Sunday 13 October 2019

Benny Morris thinks the Arab-Israeli dispute is a religious dispute more than an ethnic one. I disagree - it is about which race gets what land and it's about colonialism

I want to read Israeli historian Benny Morris's 1948 and the book he recently co-authored about the Armenians  “The Thirty-Year Genocide.” 

I quote from the former book. 
'The Jewish rejection of the Prophet Muhammad is embedded in the Qur'an and is etched in the psyche of those brought up on its suras. As the Muslim Brotherhood put it in 1948: "Jews are the historic enemies of Muslims and carry the greatest hatred for the nation of Muhammad."
'Such thinking characterized the Arab world, where the overwhelming majority of the population were, and remain, believers. In 1943, when President Franklin Roosevelt sent out feelers about a negotiated settlement of the Palestine problem, King Ibn Sa'ud of Saudi Arabia responded that he was "prepared to receive anyone of any religion except (repeat except) a Jew." A few weeks earlier, Ibn Sa'ud had explained, in a letter to Roosevelt: "Palestine... has been an Arab country since the dawn of history and... was never inhabited by the Jews for more than a period of time, during which their history in the land was full of murder and cruelty... [There is] religious hostility... between the Muslims and the Jews from the beginning of Islam... which arose from the treacherous conduct of the Jews towards Islam and the Muslims and their prophet." Jews were seen as unclean; indeed, even those who had contact with them were seen as beyond the pale. In late 1947 the Al-Azhar University 'ulema, major authorities in the Islamic world, issued a fatwa that anyone dealing with "the Jews," commercially or economically (such as by "buying their produce"), "is a sinner and criminal... who will be regarded as an apostate to Islam, he will be separated from his spouse. It is prohibited to be in contact with him."
'This anti-Semitic mindset was not restricted to Wahhabi chieftains or fundamentalist imams. Samir Rifahi, Jordan's prime minister, in 1947 told visiting newsmen, "The Jews are a people to be feared... Give them another 25 years and they will be all over the Middle East, in our country and Syria and Lebanon, in Iraq and Egypt... They were responsible for starting the two world wars... Yes, I have read and studied, and I know they were behind Hitler at the beginning of his movement."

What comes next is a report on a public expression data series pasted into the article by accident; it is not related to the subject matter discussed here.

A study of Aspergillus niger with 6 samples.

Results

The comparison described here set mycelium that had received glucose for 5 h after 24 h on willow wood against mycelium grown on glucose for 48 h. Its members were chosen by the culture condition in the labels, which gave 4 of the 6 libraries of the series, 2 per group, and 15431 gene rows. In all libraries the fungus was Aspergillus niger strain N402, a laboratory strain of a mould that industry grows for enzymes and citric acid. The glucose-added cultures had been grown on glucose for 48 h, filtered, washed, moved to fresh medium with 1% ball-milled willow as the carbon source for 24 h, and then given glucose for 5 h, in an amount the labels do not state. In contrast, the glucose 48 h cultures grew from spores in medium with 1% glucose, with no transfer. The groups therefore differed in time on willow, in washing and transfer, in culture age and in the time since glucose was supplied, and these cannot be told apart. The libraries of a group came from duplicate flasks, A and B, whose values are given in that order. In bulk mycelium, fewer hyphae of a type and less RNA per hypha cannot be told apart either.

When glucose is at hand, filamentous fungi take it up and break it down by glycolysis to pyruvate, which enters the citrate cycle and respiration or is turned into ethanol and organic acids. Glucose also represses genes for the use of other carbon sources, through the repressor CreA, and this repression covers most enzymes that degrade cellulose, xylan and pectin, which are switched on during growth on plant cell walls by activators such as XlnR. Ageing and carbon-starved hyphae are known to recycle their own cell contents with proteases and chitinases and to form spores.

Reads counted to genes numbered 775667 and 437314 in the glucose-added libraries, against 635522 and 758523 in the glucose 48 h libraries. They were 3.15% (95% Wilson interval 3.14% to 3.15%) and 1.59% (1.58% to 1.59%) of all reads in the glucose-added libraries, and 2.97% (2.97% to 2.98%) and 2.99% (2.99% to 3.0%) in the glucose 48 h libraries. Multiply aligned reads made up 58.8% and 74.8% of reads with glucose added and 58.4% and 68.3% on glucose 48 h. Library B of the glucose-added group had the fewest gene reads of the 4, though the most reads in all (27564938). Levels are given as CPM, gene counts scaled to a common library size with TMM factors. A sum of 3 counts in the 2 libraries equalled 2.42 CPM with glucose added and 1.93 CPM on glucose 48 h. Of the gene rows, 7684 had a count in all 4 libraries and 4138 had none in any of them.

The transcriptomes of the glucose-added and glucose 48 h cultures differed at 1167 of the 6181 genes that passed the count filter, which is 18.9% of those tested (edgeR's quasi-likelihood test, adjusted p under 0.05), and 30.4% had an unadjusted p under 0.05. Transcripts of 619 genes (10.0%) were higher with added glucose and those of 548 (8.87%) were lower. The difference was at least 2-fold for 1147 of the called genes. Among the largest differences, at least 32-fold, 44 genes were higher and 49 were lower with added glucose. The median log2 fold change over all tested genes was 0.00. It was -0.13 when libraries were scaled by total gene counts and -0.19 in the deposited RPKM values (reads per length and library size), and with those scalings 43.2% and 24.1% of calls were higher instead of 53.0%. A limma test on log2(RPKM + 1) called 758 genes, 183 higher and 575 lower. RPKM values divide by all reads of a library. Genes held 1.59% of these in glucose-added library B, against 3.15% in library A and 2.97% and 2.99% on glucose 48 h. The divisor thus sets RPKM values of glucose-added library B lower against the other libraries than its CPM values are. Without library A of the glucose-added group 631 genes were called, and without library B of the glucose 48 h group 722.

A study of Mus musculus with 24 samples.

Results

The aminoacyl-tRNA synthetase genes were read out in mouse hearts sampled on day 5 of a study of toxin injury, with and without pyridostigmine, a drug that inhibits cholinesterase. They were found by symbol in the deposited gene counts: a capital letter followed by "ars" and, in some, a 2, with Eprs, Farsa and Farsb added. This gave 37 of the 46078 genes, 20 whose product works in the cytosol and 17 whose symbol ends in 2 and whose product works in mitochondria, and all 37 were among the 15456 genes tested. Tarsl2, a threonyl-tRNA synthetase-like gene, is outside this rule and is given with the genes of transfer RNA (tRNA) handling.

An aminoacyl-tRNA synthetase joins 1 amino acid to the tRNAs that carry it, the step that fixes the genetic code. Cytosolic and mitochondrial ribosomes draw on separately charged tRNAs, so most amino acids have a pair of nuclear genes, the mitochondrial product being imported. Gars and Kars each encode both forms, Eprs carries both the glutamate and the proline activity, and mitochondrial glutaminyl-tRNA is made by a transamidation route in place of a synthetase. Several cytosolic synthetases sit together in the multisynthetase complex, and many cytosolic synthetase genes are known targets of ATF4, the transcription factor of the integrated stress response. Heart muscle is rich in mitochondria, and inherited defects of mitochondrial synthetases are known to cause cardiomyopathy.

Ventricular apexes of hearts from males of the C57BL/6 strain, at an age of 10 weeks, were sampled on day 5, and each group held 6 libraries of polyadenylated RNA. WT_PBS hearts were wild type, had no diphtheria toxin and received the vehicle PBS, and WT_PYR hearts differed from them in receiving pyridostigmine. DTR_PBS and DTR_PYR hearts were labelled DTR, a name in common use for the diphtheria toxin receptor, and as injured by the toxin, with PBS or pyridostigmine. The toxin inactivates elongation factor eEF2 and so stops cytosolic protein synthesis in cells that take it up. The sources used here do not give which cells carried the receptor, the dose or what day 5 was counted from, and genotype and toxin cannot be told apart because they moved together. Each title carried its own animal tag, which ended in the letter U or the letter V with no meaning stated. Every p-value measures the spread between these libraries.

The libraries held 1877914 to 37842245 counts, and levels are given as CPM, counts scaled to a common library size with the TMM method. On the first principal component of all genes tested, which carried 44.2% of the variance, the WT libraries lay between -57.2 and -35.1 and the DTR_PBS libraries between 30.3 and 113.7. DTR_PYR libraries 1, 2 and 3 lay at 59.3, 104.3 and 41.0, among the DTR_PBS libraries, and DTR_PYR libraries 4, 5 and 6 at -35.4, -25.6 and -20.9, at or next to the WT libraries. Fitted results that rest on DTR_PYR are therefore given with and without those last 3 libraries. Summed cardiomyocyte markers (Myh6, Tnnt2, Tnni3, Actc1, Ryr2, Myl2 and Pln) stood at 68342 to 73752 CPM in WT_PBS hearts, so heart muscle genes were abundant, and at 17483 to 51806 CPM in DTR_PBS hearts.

'The 1948 War, to be sure, was a milestone in a contest between two national movements over a piece of territory. But it was also - if only because that is how many if not most Arabs saw it (and see it today) - part of a more general, global struggle between the Islamic East and the West, in which the Land of Israel/Palestine figured, and still figures, as a major battlefront. The Yishuv saw itself, and was universally seen by the Muslim Arab world, as an embodiment and outpost of the European "West." The assault of 1947-1948 was an expression of the Islamic Arabs' rejection of the West and its values as well as a reaction to what it saw as a European colonialist encroachment against sacred Islamic soil. There was no understanding (or tolerance) of Zionism as a national liberation movement of another people. And, aptly, the course of the war reflected the civilizational disparity, in which a Western society, deploying superior organizational and technological skills, overcame a coalition of infinitely larger Islamic Arab societies.

'Historians have tended to ignore or dismiss, as so much hot air, the jihadi rhetoric and flourishes that accompanied the two-stage assault on the Yishuv and the constant references in the prevailing Arab discourse to that earlier bout of Islamic battle for the Holy Land, against the Crusaders. This is a mistake. The 1948 War, from the Arabs' perspective, was a war of religion as much as, if not more than, a nationalist war over territory. Put another way, the territory was sacred: its violation by infidels was sufficient grounds for launching a holy war and its conquest or reconquest, a divinely ordained necessity.'

This makes clear Benny Morris's conclusion that the Arab-Israeli conflict is a religious one, rather than an economic or nationalistic one, on the part of the Muslims. 

This is also the view of Bernard Lewis, the Jewish - American historian whom I greatly respect as a scholar and historian, though I dislike his neo-con politics, his support for invading Iran and his exaggeration of the danger posed by Iran. 

The contrary view was argued by Edward Said, the Arab Christian - American scholar who made 'orientalist' a term of abuse. Him I do not respect at all.

The Arabs' hostility to the State of Israel and anger at the expulsion in 1948 of many Arabs to make way for it (something Benny Morris establishes did happen, despite the myth that the Arabs left of their own free will) is perfectly understandable from any point of view, but the point of view from which Arab Muslims see things is primarily a religious one.

Arab Christians, whom Arab Muslims like to say share their views on Palestine, of course see things in a different and much more nuanced way.